A CITIZEN'S GUIDE ON USING THE FREEDOM OF INFORMATION ACT
AND THE PRIVACY ACT OF 1974 TO REQUEST GOVERNMENT RECORDS
There are seven specific Privacy Act exemptions that can be applied to systems of records. Records subject to these exemptions are not exempt from as many of the act's requirements as are the records subject to the general exemptions. However, records exempt under the specific exemptions are likely to be exempt from the Privacy Act's access and correction provisions. Nevertheless, since the access and correction exemptions are not always applied when available, those seeking records should not be discouraged from making a request. Also, the FOIA can be used to seek access to records exempt under the Privacy Act.
The first specific exemption covers record systems containing information properly classified in the interest of national defense or foreign policy. Classified information is also exempt from disclosure under the FOIA and will normally be unavailable under both the FOIA and Privacy Acts.
The second specific exemption applies to systems of records containing investigatory material compiled for law enforcement purposes other than material covered by the general law enforcement exemption. The specific law enforcement exemption is limited when--as a result of the maintenance of the records--an individual is denied any right, privilege, or benefit to which he or she would be entitled by Federal law or for which he or she would otherwise be entitled. In such a case, disclosure is required except where disclosure would reveal the identity of a confidential source who furnished information to the government under an express promise that the identity of the source would be held in confidence. If the information was collected from a confidential source before the effective date of the Privacy Act (September 27, 1975), an implied promise of confidentiality is sufficient to permit withholding of the identity of the source.\38\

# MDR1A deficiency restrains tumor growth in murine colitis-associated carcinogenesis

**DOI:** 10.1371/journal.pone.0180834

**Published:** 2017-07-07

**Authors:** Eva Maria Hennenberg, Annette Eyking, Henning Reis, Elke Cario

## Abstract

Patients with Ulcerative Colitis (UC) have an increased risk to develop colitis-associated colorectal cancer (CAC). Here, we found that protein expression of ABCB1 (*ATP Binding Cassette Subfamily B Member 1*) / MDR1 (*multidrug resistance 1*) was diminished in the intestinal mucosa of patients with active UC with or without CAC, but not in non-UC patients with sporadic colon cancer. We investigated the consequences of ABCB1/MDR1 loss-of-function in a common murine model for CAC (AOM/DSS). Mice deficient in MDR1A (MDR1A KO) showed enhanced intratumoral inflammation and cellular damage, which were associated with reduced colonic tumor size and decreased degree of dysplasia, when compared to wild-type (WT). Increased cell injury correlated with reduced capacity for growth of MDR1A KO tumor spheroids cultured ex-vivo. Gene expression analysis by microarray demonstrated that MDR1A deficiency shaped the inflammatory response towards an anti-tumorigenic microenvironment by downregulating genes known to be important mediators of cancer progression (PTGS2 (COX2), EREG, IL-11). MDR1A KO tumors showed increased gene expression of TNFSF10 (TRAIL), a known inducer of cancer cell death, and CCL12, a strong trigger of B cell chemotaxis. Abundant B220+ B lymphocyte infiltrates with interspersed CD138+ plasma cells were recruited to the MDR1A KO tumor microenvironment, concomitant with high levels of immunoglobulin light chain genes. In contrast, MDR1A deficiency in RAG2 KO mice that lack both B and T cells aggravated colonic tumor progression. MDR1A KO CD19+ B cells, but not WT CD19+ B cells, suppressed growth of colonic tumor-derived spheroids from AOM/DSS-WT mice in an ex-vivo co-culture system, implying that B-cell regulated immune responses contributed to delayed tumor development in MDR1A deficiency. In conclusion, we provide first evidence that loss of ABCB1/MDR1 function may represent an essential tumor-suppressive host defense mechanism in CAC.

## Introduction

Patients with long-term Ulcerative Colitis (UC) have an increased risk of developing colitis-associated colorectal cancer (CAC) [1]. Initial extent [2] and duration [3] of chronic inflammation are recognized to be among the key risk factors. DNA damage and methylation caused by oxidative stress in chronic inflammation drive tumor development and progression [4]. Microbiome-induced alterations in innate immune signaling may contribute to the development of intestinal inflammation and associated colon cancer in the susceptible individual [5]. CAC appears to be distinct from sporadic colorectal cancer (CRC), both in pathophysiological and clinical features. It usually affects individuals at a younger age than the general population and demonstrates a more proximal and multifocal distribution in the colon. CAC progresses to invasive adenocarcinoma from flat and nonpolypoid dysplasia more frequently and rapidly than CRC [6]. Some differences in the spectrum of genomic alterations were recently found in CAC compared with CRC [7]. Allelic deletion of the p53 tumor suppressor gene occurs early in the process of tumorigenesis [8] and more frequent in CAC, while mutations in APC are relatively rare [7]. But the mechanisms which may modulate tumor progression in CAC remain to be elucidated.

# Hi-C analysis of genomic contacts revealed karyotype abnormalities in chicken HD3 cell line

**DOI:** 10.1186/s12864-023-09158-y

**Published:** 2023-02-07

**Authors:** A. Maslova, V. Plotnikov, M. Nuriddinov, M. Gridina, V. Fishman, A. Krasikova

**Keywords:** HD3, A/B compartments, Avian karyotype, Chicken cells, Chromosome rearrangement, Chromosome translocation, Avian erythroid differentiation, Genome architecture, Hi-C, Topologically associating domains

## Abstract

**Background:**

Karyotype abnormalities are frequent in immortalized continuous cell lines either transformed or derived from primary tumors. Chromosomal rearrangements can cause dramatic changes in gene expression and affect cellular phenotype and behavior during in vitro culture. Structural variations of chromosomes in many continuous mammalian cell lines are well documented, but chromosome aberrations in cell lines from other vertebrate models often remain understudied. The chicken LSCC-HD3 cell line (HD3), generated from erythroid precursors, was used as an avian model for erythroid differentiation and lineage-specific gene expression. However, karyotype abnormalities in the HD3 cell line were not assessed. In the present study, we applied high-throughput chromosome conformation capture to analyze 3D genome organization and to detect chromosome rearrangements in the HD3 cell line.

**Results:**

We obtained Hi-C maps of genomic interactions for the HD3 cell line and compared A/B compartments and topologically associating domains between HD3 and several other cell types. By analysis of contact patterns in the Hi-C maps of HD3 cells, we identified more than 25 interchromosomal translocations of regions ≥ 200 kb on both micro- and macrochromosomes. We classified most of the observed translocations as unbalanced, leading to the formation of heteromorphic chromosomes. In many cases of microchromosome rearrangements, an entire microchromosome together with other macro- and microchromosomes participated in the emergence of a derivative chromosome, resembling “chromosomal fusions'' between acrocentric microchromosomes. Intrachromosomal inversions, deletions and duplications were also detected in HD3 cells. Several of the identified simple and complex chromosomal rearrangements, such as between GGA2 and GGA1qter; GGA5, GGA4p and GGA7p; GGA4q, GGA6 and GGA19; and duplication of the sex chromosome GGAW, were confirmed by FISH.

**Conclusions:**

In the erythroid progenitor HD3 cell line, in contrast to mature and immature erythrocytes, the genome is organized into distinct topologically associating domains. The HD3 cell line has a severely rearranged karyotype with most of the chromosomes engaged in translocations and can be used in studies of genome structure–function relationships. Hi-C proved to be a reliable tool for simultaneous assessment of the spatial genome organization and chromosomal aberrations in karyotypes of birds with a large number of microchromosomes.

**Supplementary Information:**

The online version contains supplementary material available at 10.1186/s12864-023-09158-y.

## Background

The third specific exemption applies to systems of records maintained in connection with providing protective services to the President of the United States or other individuals who receive protection from the Secret Service.
The fourth specific exemption applies to systems of records required by statute to be maintained and used solely as statistical records.
The fifth specific exemption covers investigatory material compiled solely to determine suitability, eligibility, or qualifications for Federal civilian employment, military service, Federal contracts, or access to classified information. However, this exemption applies only to the extent that disclosure of information would reveal the identity of a confidential source who provided the information under a promise of confidentiality.
The sixth specific exemption applies to systems of records that contain testing or examination material used solely to determine individual qualifications for appointment or promotion in Federal service, but only when disclosure would compromise the objectivity or fairness of the testing or examination process. Effectively, this exemption permits withholding of questions used in employment tests.
The seventh specific exemption covers evaluation material used to determine potential for promotion in the armed services. The material is only exempt to the extent that disclosure would reveal the identity of a confidential source who provided the information under a promise of confidentiality.
\38\ This distinction between express and implied promises of confidentiality is repeated throughout the specific exemptions of the Privacy Act.